Tuesday, October 25, 2011

To Catch a Thief...

We got him.

Today, while at work, sitting at my desk near the front entrance, I heard the cover plate to the collection box clang to the floor. I knew something was amiss, and before I knew what I was doing I was up out of my chair chasing after an 18-year-old thief. When he saw me and I shouted "Stop! Thief!" he sped up, booking it through Mary's Garden down our main driveway towards the neighborhood.

Luckily for me, Melvin, my assistant, is always looking for a fight, and he was quick on his feet and engaged him immediately, when I yelled, "Stop him, Melvin! He's a thief!"

Melvin was painting the entrance gate, and saw this fool and me chasing him. The thief had a pair of scissors in his hand, which he used to pry open the poor box, and made it past Melvin, who then engaged in pursuit. Melvin, who is wicked fast, gave chase, even though his shoe fell off. He continued nonetheless, all while talking shit to the kid.

Seeing this and that I was being outpaced, I turned around, ran to the van, picking up my phone that I had dropped on the way, and sped off into the neighborhood to find the would-be thief pinned to the ground with Melvin on top of him, talking--no, yelling--at the punk. I called 911, the cops arrived shortly, we filled out our statements, the cops thanked us for getting this dip, and the vagabond left in cuffs.


1.) I have played previously this scenario over in my head several times. "What if ?" Now I know, what if. You can have a plan for what you will do, but in the end you act on instinct.

2.) I need to run regularly. I lost my breath quickly. Too quickly. If it wasn't for Melvin chasing this bastage down, we may not have found him.

3.) Stealth. Hindsight is 20-20. My approach worked, but if I had just booked it from my office without shouting anything, I may have prevented this dude from furthering his adrenaline rush and speeding up. I did succeed, however, in driving him out directly, giving chase and alerting Melvin in the process. In retrospect, I could have taken a different exit and possibly cut this kid off, with him least expecting it.

4.) All my EDC tools flew from my pouch while I was in pursuit. Time for a new pouch.

5.) Win the psychological battle. This kid was not tackled. He was talked into submission after being cornered and ordered to the ground. He knew he had done wrong, and is lucky it went so well for him. His conscience worked against him and so he eventually listened to us. We were lucky as well. Not every thug is so obedient.

6.) Bystanders. People are unprepared for conflict. People were outside. County construction workers witnessed the chase. Everyone simply watched, mesmerized something was happening.

7.) Mentally, I was in the game, but my physical condition sucked and deteriorated way too fast in the adrenaline dump.

8.) It would have been helpful to stretch this morning, have been wearing running shoes instead of steel toe work boots.

9.) Adreniline changes everything and puts you on a different mental plane. Fight or flight. In this case, sheer overwhelming verbal violence/force frightened the thief into submission.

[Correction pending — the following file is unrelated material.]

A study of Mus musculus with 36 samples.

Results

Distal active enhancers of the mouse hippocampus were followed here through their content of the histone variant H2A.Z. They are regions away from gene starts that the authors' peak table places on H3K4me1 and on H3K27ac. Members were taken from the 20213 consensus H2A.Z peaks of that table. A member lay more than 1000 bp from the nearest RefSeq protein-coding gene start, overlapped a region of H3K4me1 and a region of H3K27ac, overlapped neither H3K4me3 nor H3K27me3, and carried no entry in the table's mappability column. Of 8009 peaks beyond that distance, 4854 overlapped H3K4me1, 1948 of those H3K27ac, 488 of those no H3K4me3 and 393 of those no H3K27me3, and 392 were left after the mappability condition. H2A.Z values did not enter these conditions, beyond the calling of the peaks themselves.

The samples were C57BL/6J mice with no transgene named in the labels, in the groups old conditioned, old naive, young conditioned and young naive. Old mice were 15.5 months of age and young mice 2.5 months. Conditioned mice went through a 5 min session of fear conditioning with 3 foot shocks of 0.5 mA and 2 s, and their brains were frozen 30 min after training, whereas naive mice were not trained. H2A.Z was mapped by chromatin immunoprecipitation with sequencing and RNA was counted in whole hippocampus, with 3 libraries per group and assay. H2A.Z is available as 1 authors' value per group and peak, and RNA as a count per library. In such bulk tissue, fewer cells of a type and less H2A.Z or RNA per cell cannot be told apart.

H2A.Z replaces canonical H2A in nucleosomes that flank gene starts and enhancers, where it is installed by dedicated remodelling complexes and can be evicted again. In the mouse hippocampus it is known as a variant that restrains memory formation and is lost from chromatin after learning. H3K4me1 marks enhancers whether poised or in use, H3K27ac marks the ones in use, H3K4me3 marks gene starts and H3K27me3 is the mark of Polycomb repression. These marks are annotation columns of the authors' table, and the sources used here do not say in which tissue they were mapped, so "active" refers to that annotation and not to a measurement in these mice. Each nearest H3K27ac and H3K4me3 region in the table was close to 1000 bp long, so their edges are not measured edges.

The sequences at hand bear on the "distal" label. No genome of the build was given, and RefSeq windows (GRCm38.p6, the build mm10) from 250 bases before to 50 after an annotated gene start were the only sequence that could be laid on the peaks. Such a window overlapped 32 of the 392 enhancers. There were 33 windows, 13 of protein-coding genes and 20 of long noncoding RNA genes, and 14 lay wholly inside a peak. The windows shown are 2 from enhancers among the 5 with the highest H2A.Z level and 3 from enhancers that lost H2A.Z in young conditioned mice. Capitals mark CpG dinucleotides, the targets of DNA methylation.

10.) Murphy's Law Rules. I damn near twisted my foot running through this garden. This kid ran right into Melvin's path. Melvin's shoe fell off. The kid gave up relatively easily. Etc. Etc. In a live situation, things happen that we just can't forsee, though we have to be prepared for it as best as we can.

Stay safe out there. Be prepared.

Some days the dragon wins, but on other days you catch the thief under the best of circumstances.

This was that day.

Over and Out,



Martin Schap said...

Nice work! Strength and conditioning are integral to preparedness, and everyone can strive to improve in that area. Also, your tools aren't much good to you on the ground, but it seems like you noticed that already. The main point though, is that you got him, and you are looking to improve for next time. There is a samurai saying that I think of often- "In victory, tighten your helmet." That is exactly what you are doing. May I also suggest getting yourself to an edged weapons class with Mercop? Those scissors could have been very bad news.

tcolgan001 said...

Interesting site!

We are attempting to generate conversations between people like yourself, who are able to add to the global perspective and create true dialog. If you could post a short description (with a link) to your blog, I'm sure many people would be interested.

Just reply to the following post:


And be sure to start a conversation of your own if you have a topic you would like to discuss with a world-wide audience. Or join in on one of our ongoing conversations.

Hope to be communicating soon,
Tim Colgan

Nick-dog said...

After this experience, I will say that strength and conditioning and flexibility under duress needs to become my life's mission, before nearly almost all other preps, save, water, food, and medicines.

Had this been a real criminal, opposed to one just attempting to begin his career, he would have fought back with everything he had. Instead, he was out of breath, intimidated, and overwhelmed.

You don't get that lucky twice.


Nick-dog said...

Oh, and as Mercop goes, I definitely want to get into his knife class, but I need to get my own house in order first regarding my level of fitness or lack thereof.